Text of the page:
Two months ago, in September, I wrote about Cardinal Daniel DiNardo, president of the United States Conference of Catholic Bishops, leading a group of clergy from the United States to the Vatican. There they met with Pope Francis to discuss ways to address the church's ongoing sexual abuse scandal, which includes several archdioceses within the United States, and abroad.
Following the meeting with the pope, DiNardo said, "We shared with Pope Francis our situation in the United States -- how the Body of Christ is lacerated by the evil of sexual abuse. He listened very deeply from the heart. It was a lengthy, fruitful, and good exchange."
Apparently, DiNardo was deluded about that (or maybe he was hoping for support to deal with his own scandal). Either way, this week's news shows how little the Vatican, and Pope Francis, actually cares about combating the problems of sexual abuse among the clergy. Pope Francis ordered the bishops attending a conference this week to cancel their plans to vote on two measures designed to address the sex abuse crisis.
Bishops attending the US Conference of Catholic Bishops were caught by surprise when, on Monday morning, the DiNardo informed them that, "at the insistence of the Holy See, we will not be voting on the two action items."
Yes, despite DiNardo's optimism coming out of September's meeting with the pope, Francis, or perhaps someone else at the Vatican, has decided that there will not be any action taken now.
The two measures that were originally on the agenda for the bishops to vote on were, first, the establishment of guidelines for bishops to follow in any cases of sexual abuse, and second, the formation of a lay commission that would be involved in the investigation of bishop misconduct.
Both of those ideas seem like not only a good start, but far from drastic measures. With the number of states conducting "lay investigations" into the church already, this almost seems like a natural progression.
Many of the bishops in attendance were shocked, disappointed, or frustrated by the announcement... with one notable exception.
Mere moments after DiNardo made the announcement, the Vatican's ambassador to the US, the French Archbishop Cristophe Pierre, made some very deliberate remarks. He made it clear that the church did not want outsiders involved in the investigations. “There may be a temptation on the part of some to relinquish responsibility for reform to others from ourselves, as if we were no longer capable of reforming or trusting ourselves,” Pierre said. “Assistance is both welcome and necessary, and surely collaboration with the laity is essential. However, the responsibility as bishops of this Catholic Church is ours.”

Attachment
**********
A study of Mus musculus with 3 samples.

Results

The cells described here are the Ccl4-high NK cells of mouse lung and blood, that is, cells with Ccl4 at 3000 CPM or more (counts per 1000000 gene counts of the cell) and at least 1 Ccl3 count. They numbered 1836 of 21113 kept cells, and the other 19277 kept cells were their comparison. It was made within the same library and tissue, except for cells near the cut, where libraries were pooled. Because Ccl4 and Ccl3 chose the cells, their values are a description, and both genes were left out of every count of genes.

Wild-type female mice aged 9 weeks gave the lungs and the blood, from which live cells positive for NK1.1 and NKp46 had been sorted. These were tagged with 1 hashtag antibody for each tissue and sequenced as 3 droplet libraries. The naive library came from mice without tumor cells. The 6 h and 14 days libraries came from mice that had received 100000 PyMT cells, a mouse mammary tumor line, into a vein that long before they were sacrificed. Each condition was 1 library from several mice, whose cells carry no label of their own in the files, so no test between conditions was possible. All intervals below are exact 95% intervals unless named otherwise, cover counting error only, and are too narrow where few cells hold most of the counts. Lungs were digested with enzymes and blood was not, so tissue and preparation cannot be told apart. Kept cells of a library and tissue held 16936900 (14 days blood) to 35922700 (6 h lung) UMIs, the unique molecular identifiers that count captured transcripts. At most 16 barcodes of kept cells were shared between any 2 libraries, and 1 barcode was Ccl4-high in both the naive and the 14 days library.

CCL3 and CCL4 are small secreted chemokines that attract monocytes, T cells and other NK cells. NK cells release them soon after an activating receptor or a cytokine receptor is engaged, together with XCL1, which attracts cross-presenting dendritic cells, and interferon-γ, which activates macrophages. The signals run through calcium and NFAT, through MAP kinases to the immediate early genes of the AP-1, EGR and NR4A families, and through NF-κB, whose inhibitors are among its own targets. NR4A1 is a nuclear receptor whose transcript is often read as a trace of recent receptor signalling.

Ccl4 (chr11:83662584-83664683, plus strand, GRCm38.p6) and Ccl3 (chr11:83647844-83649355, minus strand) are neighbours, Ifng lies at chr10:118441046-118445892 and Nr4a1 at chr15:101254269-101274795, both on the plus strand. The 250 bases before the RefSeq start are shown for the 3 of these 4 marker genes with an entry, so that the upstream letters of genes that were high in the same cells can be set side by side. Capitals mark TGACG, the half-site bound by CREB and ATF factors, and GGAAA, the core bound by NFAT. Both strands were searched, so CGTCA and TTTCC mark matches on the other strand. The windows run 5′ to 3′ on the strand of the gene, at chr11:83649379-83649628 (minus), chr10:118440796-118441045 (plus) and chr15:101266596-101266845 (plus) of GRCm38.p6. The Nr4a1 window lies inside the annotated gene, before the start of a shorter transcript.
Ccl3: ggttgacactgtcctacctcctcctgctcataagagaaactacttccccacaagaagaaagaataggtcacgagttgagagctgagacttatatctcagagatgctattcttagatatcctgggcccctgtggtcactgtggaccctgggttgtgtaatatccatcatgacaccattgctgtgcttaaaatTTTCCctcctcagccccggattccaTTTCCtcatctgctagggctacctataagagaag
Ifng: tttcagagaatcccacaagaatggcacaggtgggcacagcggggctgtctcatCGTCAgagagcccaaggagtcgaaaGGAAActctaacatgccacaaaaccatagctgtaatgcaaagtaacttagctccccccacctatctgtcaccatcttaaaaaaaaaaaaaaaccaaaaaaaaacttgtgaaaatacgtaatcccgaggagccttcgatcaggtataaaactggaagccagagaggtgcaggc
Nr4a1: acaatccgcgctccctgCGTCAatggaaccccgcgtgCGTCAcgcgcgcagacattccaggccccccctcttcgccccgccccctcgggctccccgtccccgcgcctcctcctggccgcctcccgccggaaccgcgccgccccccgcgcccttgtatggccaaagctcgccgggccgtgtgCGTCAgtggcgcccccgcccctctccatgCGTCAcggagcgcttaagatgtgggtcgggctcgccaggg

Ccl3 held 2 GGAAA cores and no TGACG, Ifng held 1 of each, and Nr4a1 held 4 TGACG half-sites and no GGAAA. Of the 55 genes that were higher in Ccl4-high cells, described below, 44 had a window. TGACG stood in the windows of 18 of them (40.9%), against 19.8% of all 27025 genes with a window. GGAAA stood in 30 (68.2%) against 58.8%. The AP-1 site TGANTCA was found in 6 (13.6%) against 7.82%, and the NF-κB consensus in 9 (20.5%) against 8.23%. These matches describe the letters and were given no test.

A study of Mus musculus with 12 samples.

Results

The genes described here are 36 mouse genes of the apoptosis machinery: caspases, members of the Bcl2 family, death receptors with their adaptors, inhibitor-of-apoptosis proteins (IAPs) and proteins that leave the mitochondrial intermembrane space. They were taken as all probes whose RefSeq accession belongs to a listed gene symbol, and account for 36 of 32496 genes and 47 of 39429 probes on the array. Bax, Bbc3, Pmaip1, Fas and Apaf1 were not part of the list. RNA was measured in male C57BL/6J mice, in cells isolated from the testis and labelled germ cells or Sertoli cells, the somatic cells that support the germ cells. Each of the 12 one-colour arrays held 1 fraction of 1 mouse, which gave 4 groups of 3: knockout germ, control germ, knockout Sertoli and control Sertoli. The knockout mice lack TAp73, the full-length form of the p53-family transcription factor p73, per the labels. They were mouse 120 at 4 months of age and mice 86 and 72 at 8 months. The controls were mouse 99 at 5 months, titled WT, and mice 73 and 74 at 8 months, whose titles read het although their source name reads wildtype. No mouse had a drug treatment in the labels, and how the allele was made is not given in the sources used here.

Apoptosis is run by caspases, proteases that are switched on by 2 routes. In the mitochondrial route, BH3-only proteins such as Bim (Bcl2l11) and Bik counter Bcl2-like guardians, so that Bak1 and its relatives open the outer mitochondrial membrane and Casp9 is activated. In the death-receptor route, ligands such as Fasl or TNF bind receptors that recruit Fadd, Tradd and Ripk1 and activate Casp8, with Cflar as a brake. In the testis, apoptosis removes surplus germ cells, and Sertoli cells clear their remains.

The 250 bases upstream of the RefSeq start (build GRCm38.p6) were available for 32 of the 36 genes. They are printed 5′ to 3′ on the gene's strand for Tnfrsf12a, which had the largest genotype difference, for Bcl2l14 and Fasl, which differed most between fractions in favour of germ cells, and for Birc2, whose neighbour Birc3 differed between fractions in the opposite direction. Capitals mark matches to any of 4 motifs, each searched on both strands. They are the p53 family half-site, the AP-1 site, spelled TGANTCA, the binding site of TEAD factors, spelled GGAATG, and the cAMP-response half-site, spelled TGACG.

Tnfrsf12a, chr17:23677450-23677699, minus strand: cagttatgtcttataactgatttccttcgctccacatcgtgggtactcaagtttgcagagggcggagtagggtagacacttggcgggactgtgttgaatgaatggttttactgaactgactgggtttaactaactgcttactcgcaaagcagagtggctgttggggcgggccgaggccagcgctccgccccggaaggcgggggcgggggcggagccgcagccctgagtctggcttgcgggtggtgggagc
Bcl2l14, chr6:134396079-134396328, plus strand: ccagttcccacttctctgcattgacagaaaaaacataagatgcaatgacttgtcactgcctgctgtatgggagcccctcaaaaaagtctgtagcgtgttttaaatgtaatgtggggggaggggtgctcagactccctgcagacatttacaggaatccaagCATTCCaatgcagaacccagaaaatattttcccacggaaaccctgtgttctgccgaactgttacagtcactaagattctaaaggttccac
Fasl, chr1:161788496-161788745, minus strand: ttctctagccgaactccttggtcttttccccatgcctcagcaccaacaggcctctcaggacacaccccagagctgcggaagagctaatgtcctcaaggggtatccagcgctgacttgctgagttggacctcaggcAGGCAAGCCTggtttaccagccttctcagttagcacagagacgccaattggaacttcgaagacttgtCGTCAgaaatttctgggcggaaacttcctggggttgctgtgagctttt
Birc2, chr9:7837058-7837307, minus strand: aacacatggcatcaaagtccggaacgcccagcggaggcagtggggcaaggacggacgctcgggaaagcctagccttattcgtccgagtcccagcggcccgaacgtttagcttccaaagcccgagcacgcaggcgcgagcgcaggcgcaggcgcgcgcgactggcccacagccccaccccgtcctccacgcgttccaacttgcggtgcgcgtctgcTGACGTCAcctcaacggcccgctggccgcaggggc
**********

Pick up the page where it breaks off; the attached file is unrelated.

So, in other words, no lay commission. Not now, and not ever if the Vatican can keep it that way.
So much for DiNardo's "fruitful" meeting with the pope. Commenting on this latest development, Anne Barrett Doyle, co-director of BishopAccountability.org, said, “What we see here is the Vatican again trying to suppress even modest progress by the U.S. bishops. We’re seeing where the problem lies, which is with the Vatican."
DiNardo and some of the other bishops tried to point out that the Vatican may have delayed the vote in order to keep the bishops of the US from creating rules and procedures too different from what may be enacted by the church elsewhere.
“We are Roman Catholic bishops, in communion with our Holy Father in Rome. And he has people around him who are what we call congregations or offices, and we’re responsible to them, in that communion of faith,” DiNardo said.
It could be that they want a uniform approach to handling the problem in the church worldwide, but at this point I think that is giving the pope and the other church leaders at the Vatican far too much credit. Just a couple of weeks after meeting with DiNardo, Francis remarked on how it was unfair to hold the church to modern standards when considering their cover-up of sex abuse, AND he blamed the current abuse scandals on Satan's war against the church.
Does that really sound like someone who is ready to own up to their mistakes and correct them?